Dr Ralph Richards, Co-ordinator of Australian Coaching Development, says that Australia has "moved away from written exams."

Richards believes that coaches should concentrate on developing practical ability, rather than moving from one certification level to the next.

The Australians have done away with such traditional methods as pen-and-paper tests, with the aim of developing more practical values, such as how coaches run their programs, and develop professional skills. As a result, Australia's coaches are now assessed according to their ability to take swimmers to higher levels of ability, and to help them make qualifying standards.

While Richards concedes that certification provides coaches with professional status, and legal protection as well, he says that academic knowledge is valuable only if it can be put into practice.

Richards says that people learn and progress in different ways, and that accreditation is not the end product, but just a piece of paper that tells you where you are along the road. "We know that between point A and point B, you might take a turn, and do a few loops before you get to your destination, or you might go directly."


Practical Emphasis

For example, student coaches might be asked to develop a seasonal training model in which they explain why they have included certain types of training sets, and how they would use sports psychology principles as part of their program.

Dr. Ralph Richards, Australian Swimming's Coaching and Development Co-ordinator.
For larger 64k photo click on image.

Richards says, "This can be as simple as having team meetings to discuss specific topics. The coach combines several items of knowledge into something as basic as a seasonal plan: a living, breathing document that the coach can put to practical use."

Richards and his department work closely with the Australian Swimming Coaches Association, staging regular clinics where coaches meet to exchange ideas and perhaps even develop new ones. Both coaches and swimmers participate in these clinics, where many of Australia's top seniors are brought together with some of the country's most promising youngsters.


National Event Camps

Dr Ralph Richards says that national event camps are conducted to concentrate on one particular stroke and competitive event. These are more than just training camps they are important learning experiences in which there are as many coaches as swimmers. Members of the national support staff are also presentphysiotherapists, nutritionists, sports psychologists, sports scientists, physiologists, and medical peopleand they help to provide a practical educational component to the program.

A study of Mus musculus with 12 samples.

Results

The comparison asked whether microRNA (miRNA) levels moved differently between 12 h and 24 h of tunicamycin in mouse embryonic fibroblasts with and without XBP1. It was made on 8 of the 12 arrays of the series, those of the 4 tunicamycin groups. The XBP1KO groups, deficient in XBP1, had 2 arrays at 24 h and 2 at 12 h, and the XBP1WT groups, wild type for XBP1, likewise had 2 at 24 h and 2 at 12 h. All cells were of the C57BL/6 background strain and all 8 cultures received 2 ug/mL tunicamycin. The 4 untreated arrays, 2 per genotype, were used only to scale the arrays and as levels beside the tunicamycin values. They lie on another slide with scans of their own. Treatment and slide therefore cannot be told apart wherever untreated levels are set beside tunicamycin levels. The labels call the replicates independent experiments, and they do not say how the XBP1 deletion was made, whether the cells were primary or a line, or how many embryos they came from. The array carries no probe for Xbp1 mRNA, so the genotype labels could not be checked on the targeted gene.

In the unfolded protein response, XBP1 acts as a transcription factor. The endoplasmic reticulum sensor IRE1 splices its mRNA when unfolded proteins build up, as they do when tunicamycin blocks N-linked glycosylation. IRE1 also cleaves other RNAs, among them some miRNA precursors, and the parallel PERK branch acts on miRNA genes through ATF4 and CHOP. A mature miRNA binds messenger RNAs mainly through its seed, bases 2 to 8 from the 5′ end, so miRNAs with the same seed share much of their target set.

"One of the unique aspects of this program is that we don't just invite the senior national team members. For example, if we have twenty butterfly swimmers at a camp, we might have twelve who are senior elite athletes, but we'll also bring in eight or ten developing age groupers," says Richards.

"Whenever you bring coaches together you are bound to have a stimulating exchange of ideas. We're willing to listen, and share and debate these ideas, quite vigorously at times; always with the intent of ensuring a non-threatening situation."

Richards says that two things take place when swimmers and coaches participate in the national event camps. "First, through discussion with their peers, coaches often find support, or confirmation, of ideas they had believed to be correct.

"The second fundamental is to identify differences between athletes, and this opens up discussions in which coaches and their athletes are apt to explore different training methods, especially those that seem to work for other people."

Richards says that this process helps coaches to identify the practical elements that most closely fit the requirements of the individual athlete. "The principle we work on is `maintain your strengths but improve your weaknesses.' We work at it from both ends.

"This helps them to observe how other people train, and to develop role models and bonding. Sometimes we have senior coaches who still want to coach younger swimmers. So it's not always the case that the young swimmers have young coaches. This provides a good mixture of youth and experience, on the swimmers' side as well as on the coaches' side.

"Part of the interaction in our national event program is that we have a mixture of people who've coached on international teams as well as people who haven't yet reached that level. This exchange of information helps the progress of our coaches into the next generation. We're preparing coaches for periods well beyond 2000."



Dr Ralph Richards is the Coaching and Development Co-ordinator for Australian Swimming Inc. Richards completed a Doctoral Degree program in Human Performance Studies at Indiana University in 1982, under the direction of James "Doc" Counsilman. Over a seven-year period at Indiana University, he served as a research assistant and helped Counsilman run summer camp and club programs.

During his senior coaching career Richards placed Australian swimmers on Olympic Games, Commonwealth Games, World Championship, and Pan Pacific teams. Richards was the Head Coach of the Victorian State Team on its tour of China in 1985, an Assistant Coach of the 1988 Seoul Olympic Games team, and headed Australia's altitude training program in 1992. He coached backstroker Nicole Stevenson (nee Livingstone) throughout her age group career and took her to a world short-course record (200 backstroke) and Olympic bronze medal (1992 in Barcelona) as a senior.

Prior to his current appointment, Dr Ralph Richards held the following positions in Australia:
Director of the National Sports Research Centre of the Australian Sports Commission.
Senior Women's Swimming Coach at the Australian Institute of Sport for three years.
Head Swimming Coach of the South Australian Institute of Sport for two years.
Head Coach of the Melbourne Vicentre Swimming Club for six years.